August 24, 2011

OIG Report Describes Questionable Billing by Suppliers of Lower-Limb Prostheses


Between 2005 and 2009, Medicare spending for lower-limb prostheses increased 27 percent, from $517 million to $655 million, while the number of Medicare beneficiaries receiving lower-limb prostheses decreased by 2.5 percent, from almost 76,000 to about 74,000. Medicare paid 4,575 suppliers for lower-limb prostheses in 2009, and 1,632 of the 4,575 suppliers accounted for 92 percent of the $655 million billed for lower-limb prostheses.

The report indicates the following:

In 2009, Medicare inappropriately paid $43 million for lower-limb prostheses that did not meet certain requirements; these payments could have been prevented by using claims processing edits.

These payments were for claims—32,260 claims for 9,265 beneficiaries—that did not meet the local coverage determination (LCD) requirements. The $43 million is based solely on an analysis of claims data and does not include payments that a medical-record review may find to be unreasonable or unnecessary.

Medicare paid an additional $61 million for beneficiaries with no claims from their referring physicians.

These beneficiaries had no Medicare Part A or Part B claims that included their referring physicians during the last five years. Billing for prostheses when the beneficiary had no claims from the referring physician raises questions about whether the physician ever evaluated the beneficiary and whether these devices were medically necessary. These payments accounted for 55,274 claims for 7,066 beneficiaries.

In 2009, 267 suppliers of lower-limb prostheses had questionable billing.

In 2009, 136 suppliers accounted for $22 million of the payments that did not meet certain Medicare requirements or were for beneficiaries with no claims from their referring physicians. An additional 131 suppliers had other questionable billing, such as billing for a high percentage of beneficiaries with no history of an amputation or missing limb or a high percentage of beneficiaries with unusual combinations of prostheses.

Two-thirds of these 267 suppliers were independently owned, and these suppliers were at least twice as likely as other suppliers to be located in Alabama, Mississippi, Puerto Rico, or Wyoming.

Medicare contractors conducted varying degrees of program safeguard activities related to lower-limb prostheses.

The four Durable Medical Equipment Medicare Administrative Contractors (DME MACs) had varying claims processing edits in place, but none had edits for all requirements. Also, none of the DME MACs conducted medical reviews, and not all conducted data analyses or provided education related to lower-limb prostheses. All five Zone Program Integrity Contractors (ZPICs) and DME program safeguard contractors (PSCs) conducted data analyses and opened a total of 19 investigations related to lower-limb prostheses; the investigations had differing results.

The OIG report includes the following recommendations for the Centers for Medicare & Medicaid Services (CMS):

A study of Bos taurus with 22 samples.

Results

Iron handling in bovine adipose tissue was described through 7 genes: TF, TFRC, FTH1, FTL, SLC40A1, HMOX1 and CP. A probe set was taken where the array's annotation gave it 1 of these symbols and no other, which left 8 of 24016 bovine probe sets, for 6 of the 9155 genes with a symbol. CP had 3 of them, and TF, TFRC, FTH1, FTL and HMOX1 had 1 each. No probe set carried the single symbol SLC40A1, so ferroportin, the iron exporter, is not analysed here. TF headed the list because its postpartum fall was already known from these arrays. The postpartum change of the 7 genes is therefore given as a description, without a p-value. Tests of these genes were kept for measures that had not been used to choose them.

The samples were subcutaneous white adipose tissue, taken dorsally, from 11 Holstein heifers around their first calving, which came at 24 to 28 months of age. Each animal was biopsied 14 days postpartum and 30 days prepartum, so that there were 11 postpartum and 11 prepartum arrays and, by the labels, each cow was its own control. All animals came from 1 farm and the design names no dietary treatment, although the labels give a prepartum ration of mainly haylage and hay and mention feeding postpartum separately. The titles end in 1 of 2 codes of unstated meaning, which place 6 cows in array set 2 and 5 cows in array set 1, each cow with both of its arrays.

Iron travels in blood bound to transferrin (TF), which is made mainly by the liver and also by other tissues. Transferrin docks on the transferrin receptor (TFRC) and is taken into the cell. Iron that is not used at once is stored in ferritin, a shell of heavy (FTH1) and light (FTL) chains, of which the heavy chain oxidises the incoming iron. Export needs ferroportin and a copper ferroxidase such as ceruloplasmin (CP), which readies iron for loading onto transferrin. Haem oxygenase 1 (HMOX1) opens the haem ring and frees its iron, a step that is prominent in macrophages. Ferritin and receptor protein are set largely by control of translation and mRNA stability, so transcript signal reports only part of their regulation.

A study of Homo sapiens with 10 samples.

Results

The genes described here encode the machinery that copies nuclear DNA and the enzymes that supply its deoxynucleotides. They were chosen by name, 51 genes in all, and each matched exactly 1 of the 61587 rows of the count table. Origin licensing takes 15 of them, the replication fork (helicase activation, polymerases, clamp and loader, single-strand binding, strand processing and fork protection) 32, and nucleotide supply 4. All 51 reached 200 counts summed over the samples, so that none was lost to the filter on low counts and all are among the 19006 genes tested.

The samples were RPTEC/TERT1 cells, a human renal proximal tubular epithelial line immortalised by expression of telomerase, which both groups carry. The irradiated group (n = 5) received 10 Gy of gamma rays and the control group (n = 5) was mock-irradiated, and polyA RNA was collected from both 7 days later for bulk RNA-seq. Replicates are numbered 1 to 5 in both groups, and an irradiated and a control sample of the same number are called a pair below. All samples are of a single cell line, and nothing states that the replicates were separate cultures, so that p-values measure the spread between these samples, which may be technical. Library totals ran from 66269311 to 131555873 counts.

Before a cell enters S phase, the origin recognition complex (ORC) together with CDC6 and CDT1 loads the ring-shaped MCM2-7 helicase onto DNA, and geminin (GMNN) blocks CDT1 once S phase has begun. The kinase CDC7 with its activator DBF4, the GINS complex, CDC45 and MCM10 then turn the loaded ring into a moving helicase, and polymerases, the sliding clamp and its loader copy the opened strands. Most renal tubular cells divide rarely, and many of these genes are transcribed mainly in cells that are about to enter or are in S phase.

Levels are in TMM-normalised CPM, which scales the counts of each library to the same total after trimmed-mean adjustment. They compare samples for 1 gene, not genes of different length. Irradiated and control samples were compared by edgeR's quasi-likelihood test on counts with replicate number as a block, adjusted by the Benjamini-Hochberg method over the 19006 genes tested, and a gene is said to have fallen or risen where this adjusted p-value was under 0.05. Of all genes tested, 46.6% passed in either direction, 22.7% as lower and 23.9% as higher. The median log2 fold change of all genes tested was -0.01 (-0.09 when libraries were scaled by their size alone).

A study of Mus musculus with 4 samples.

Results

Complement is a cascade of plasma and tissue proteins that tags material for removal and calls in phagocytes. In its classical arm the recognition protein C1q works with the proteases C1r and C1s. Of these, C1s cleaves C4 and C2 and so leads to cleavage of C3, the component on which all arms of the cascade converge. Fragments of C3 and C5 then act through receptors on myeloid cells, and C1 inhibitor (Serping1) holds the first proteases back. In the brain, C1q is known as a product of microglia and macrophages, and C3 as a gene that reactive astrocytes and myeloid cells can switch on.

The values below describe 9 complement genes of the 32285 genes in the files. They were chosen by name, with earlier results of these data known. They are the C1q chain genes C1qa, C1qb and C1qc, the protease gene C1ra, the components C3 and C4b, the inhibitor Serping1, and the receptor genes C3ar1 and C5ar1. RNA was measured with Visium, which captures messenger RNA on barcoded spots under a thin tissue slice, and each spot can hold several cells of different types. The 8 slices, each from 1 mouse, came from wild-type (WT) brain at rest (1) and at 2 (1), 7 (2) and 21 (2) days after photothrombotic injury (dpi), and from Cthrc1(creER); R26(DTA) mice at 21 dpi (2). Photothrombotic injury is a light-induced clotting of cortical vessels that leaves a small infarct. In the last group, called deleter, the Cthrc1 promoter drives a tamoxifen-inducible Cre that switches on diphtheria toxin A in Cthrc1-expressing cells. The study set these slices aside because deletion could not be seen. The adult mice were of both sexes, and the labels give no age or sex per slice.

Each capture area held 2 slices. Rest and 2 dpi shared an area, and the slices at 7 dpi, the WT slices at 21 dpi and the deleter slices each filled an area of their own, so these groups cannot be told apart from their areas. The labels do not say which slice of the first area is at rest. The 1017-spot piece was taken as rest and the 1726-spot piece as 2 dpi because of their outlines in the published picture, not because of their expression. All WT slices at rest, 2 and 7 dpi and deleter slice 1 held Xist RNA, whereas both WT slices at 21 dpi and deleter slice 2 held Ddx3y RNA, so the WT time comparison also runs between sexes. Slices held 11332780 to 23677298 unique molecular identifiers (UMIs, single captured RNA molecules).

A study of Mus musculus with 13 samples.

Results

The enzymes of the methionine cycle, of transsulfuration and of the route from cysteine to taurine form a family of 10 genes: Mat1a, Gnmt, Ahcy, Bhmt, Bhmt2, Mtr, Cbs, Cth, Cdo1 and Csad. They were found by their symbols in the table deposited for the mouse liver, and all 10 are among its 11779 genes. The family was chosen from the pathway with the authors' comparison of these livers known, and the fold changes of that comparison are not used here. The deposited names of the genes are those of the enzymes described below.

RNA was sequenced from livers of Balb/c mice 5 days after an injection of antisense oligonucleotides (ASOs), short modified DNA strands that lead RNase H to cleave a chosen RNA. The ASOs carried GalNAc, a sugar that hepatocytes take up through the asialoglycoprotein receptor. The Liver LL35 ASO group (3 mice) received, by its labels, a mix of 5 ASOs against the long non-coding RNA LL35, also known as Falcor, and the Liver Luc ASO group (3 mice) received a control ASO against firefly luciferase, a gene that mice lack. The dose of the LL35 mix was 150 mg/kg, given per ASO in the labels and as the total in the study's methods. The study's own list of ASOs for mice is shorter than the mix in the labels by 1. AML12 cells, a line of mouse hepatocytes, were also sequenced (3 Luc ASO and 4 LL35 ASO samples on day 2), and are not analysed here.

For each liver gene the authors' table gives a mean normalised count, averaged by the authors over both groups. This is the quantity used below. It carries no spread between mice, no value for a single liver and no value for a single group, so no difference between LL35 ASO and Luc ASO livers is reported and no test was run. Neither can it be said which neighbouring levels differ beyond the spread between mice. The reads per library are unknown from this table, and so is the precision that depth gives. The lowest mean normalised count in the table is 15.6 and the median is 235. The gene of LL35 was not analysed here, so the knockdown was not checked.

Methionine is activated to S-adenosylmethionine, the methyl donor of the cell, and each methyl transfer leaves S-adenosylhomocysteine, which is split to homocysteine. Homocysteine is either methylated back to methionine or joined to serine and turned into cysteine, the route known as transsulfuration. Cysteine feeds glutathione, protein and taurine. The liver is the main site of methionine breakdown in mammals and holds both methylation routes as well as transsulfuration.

1. Implement additional claims processing edits to prevent inappropriate payments, based on all of the LCD requirements.
  2. Strengthen monitoring of billing for lower-limb prostheses. Specifically, for each supplier, contractors should determine: (1) the percentage of claims that did not meet certain Medicare requirements; (2) the percentage of claims for beneficiaries with no claims from their referring physicians; (3) the percentage of beneficiaries who had no Part A or Part B history related to an amputation; (4) the percentage of beneficiaries who received unusual combinations of prostheses; (5) the percentage of beneficiaries that suppliers have in common; (6) the percentage of beneficiaries who received prostheses for both lower limbs; (7) the percentage of beneficiaries who received prostheses for transfemoral amputations; (8) the average payment per beneficiary for transfemoral prostheses; and (9) the average payment per beneficiary for transtibial prostheses. CMS should develop thresholds for these measures and instruct its contractors to conduct additional reviews of suppliers that exceed the thresholds.
  3. Implement requirements that the referring physician have a face-to-face encounter to establish the beneficiary’s need for prostheses.
  4. Revise the LCD requirements. First, CMS should clarify the definitions of beneficiaries’ potential functional levels. Second, CMS should revise the LCD or take other steps to require that licensed/certified medical professionals, such as physical therapists, evaluate beneficiaries to determine their potential functional levels. Lastly, CMS should consider revising the LCD to deny as medically unnecessary certain combinations of prostheses, such as more than one definitive base prosthesis or prostheses for different sites of amputation billed for the same limb on the same date.
  5. Enhance screening for currently enrolled suppliers of lower-limb prostheses.
  6. Take appropriate action on suppliers with questionable billing. In a separate memorandum, OIG will refer the suppliers that were identified to CMS for appropriate action.

According to the OIG report, CMS concurs with all of recommendations except for the fifth one, stating that it has in place sufficient tools for increased scrutiny of existing providers of durable medical equipment, prosthetics, orthotics, and supplies (DMEPOS). CMS noted that if an existing supplier meets one of several triggering events, that supplier automatically is elevated to the high-risk level.

Based on this report and the findings of other OIG reports on DMEPOS, OIG maintains that all current suppliers of lower-limb prostheses should be placed at the high-risk level.